2002 11 11
whoever aspires to the office of bishop desires a noble task.
Therefore, a bishop must be irreproachable,
married only once, temperate, self-controlled, decent, hospitable, able to
not a drunkard, not aggressive, but gentle, not
contentious, not a lover of money.
He must manage his own household well, keeping
his children under control with perfect dignity;
for if a man does not know how to manage his
own household, how can he take care of the church of God?
He should not be a recent convert, so that he
may not become conceited and thus incur the devil's punishment. 3
He must also have a good reputation among
outsiders, so that he may not fall into disgrace, the devil's trap.
4 Similarly, deacons must be dignified, not
deceitful, not addicted to drink, not greedy for sordid gain,
holding fast to the mystery of the faith with a
Moreover, they should be tested first; then, if
there is nothing against them, let them serve as deacons.
Women, 5 similarly, should
be dignified, not slanderers, but temperate and faithful in everything.
Deacons may be married only once and must
manage their children and their households well.
Thus those who serve well as deacons gain good
standing and much confidence in their faith in Christ Jesus.
6 I am writing you about these matters, although
I hope to visit you soon.
But if I should be delayed, you should know how
to behave in the household of God, which is the church of the living God, the
pillar and foundation of truth.
Undeniably great is the mystery of devotion,
Who 7 was manifested in the flesh, vindicated in the spirit,
seen by angels, proclaimed to the Gentiles, believed in throughout the world,
taken up in glory.
1 [1-7] The passage begins by
commending those who aspire to the office of bishop (episkopos; see the note on
⇒ Philippians 1:1) within the community, but this
first sentence (⇒ 1 Tim 3:1) may also imply a
warning about the great responsibilities involved. The writer proceeds to list
the qualifications required: personal stability and graciousness; talent for
teaching (⇒ 1 Tim 3:2); moderation in habits and
temperament (⇒ 1 Tim 3:3); managerial ability
(⇒ 1 Tim 3:4); and experience in Christian living
(⇒ 1 Tim 3:5-6). Moreover, the candidate's previous
life should provide no grounds for the charge that he did not previously
practice what he now preaches. No list of qualifications for presbyters appears
in 1 Tim. The presbyter-bishops here and in Titus (see the note on
⇒ Titus 1:5-9) lack certain functions reserved here
for Paul and Timothy.
2  This saying is trustworthy: the
saying introduced is so unlike others after this phrase that some later Western
manuscripts read, "This saying is popular." It is understood by some
interpreters as concluding the preceding section (⇒ 1 Tim
2:8-15). Bishop: literally, "overseer"; see the note on
⇒ Philippians 1:1.
3  The devil's punishment: this
phrase could mean the punishment once incurred by the devil (objective
genitive) or a punishment brought about by the devil (subjective genitive).
4 [8-13] Deacons, besides possessing
the virtue of moderation (⇒ 1 Tim 3:8), are to be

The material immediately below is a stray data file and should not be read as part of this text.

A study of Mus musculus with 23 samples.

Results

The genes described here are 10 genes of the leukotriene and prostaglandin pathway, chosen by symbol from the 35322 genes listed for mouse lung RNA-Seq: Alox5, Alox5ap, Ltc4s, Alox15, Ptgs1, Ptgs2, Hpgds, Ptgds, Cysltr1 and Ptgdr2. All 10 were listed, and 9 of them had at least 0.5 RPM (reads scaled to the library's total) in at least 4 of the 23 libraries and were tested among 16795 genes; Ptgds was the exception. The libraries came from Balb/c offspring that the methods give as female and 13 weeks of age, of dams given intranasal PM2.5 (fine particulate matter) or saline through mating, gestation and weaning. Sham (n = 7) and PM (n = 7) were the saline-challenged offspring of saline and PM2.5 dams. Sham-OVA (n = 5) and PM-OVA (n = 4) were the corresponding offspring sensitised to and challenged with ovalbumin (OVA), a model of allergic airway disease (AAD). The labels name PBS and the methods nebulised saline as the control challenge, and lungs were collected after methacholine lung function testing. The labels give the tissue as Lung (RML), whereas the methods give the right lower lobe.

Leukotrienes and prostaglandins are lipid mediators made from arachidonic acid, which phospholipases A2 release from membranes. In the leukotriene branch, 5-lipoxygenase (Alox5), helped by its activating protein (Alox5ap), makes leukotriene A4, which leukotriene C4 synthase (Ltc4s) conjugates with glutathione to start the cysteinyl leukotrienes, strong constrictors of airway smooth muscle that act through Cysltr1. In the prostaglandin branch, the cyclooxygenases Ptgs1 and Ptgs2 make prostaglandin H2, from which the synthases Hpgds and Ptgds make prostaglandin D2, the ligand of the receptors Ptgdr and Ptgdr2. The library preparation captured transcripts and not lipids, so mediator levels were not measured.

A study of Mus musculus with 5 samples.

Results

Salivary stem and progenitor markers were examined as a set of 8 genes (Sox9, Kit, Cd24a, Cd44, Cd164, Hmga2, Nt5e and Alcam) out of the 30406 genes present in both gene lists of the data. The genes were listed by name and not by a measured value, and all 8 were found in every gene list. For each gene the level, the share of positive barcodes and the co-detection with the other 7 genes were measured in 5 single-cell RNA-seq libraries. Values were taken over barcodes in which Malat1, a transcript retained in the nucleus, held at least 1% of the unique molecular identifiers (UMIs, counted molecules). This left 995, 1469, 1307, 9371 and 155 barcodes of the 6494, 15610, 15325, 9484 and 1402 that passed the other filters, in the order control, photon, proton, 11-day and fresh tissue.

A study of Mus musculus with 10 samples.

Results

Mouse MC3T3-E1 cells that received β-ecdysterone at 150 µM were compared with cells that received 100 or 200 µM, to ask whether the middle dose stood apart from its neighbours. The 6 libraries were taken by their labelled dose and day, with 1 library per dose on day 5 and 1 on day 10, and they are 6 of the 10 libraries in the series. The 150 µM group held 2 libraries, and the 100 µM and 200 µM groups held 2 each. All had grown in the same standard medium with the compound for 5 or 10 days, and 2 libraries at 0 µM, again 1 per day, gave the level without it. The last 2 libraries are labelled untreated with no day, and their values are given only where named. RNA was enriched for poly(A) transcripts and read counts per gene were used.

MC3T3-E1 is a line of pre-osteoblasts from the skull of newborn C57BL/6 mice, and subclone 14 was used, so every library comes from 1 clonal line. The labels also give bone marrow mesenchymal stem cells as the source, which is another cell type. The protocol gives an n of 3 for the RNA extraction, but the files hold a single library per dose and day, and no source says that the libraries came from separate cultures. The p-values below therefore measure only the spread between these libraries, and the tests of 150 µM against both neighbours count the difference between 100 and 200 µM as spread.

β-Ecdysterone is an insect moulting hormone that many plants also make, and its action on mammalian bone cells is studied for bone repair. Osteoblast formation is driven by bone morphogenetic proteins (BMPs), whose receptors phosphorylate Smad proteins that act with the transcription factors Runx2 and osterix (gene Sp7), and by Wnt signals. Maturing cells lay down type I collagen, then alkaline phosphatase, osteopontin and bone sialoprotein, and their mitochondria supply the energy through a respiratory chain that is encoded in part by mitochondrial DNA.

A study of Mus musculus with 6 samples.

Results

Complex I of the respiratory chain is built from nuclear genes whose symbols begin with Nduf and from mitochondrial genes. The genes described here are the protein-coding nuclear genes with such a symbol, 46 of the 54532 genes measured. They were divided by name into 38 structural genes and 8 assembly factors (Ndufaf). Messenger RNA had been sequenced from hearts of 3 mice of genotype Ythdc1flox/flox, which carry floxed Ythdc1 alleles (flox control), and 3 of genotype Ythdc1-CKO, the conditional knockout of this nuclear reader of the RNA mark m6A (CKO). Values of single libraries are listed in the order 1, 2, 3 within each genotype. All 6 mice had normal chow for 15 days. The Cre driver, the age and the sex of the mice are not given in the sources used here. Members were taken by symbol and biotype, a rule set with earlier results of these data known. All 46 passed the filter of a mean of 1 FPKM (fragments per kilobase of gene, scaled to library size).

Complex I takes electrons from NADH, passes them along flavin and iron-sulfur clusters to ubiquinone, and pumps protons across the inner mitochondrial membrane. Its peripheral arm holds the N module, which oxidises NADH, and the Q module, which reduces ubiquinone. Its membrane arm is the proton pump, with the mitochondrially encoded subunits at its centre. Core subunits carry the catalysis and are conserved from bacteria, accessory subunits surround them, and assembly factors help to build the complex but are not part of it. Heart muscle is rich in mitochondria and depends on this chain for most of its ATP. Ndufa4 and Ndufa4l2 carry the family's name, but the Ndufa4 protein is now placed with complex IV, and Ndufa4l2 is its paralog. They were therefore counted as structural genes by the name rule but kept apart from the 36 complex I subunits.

outstanding for their faith (⇒ 1 Tim 3:9) and well
respected within the community (⇒ 1 Tim 3:10).
Women in the same role, although some interpreters take them to mean wives of
deacons, must be dignified, temperate, dedicated, and not given to malicious
talebearing (⇒ 1 Tim 3:11). Deacons must have shown
stability in marriage and have a good record with their families
(⇒ 1 Tim 3:12), for such experience prepares them
well for the exercise of their ministry on behalf of the community
(⇒ 1 Tim 3:13). See further the note on ⇒ Philippians
5  Women: this seems to refer to
women deacons but may possibly mean wives of deacons. The former is preferred
because the word is used absolutely; if deacons' wives were meant, a possessive
"their" would be expected. Moreover, they are also introduced by the
word "similarly," as in ⇒ 1 Tim 3:8; this
parallel suggests that they too exercised ecclesiastical functions.
6 [14-16] In case there is some delay
in the visit to Timothy at Ephesus planned for the near future, the present
letter is being sent on ahead to arm and enlighten him in his task of
preserving sound Christian conduct in the Ephesian church. The care he must
exercise over this community is required by the profound nature of
Christianity. It centers in Christ, appearing in human flesh, vindicated by the
holy Spirit; the mystery of his person was revealed to the angels, announced to
the Gentiles, and accepted by them in faith. He himself was taken up (through
his resurrection and ascension) to the divine glory (⇒ 1 Tim
3:16). This passage apparently includes part of a liturgical hymn
used among the Christian communities in and around Ephesus. It consists of
three couplets in typical Hebrew balance: flesh-spirit (contrast),
seen-proclaimed (complementary), world-glory (contrast).
7  Who: the reference is to
Christ, who is himself "the mystery of our devotion." Some
predominantly Western manuscripts read "which," harmonizing the
gender of the pronoun with that of the Greek word for mystery; many later
(eighth/ninth century on), predominantly Byzantine manuscripts read
"God," possibly for theological reasons.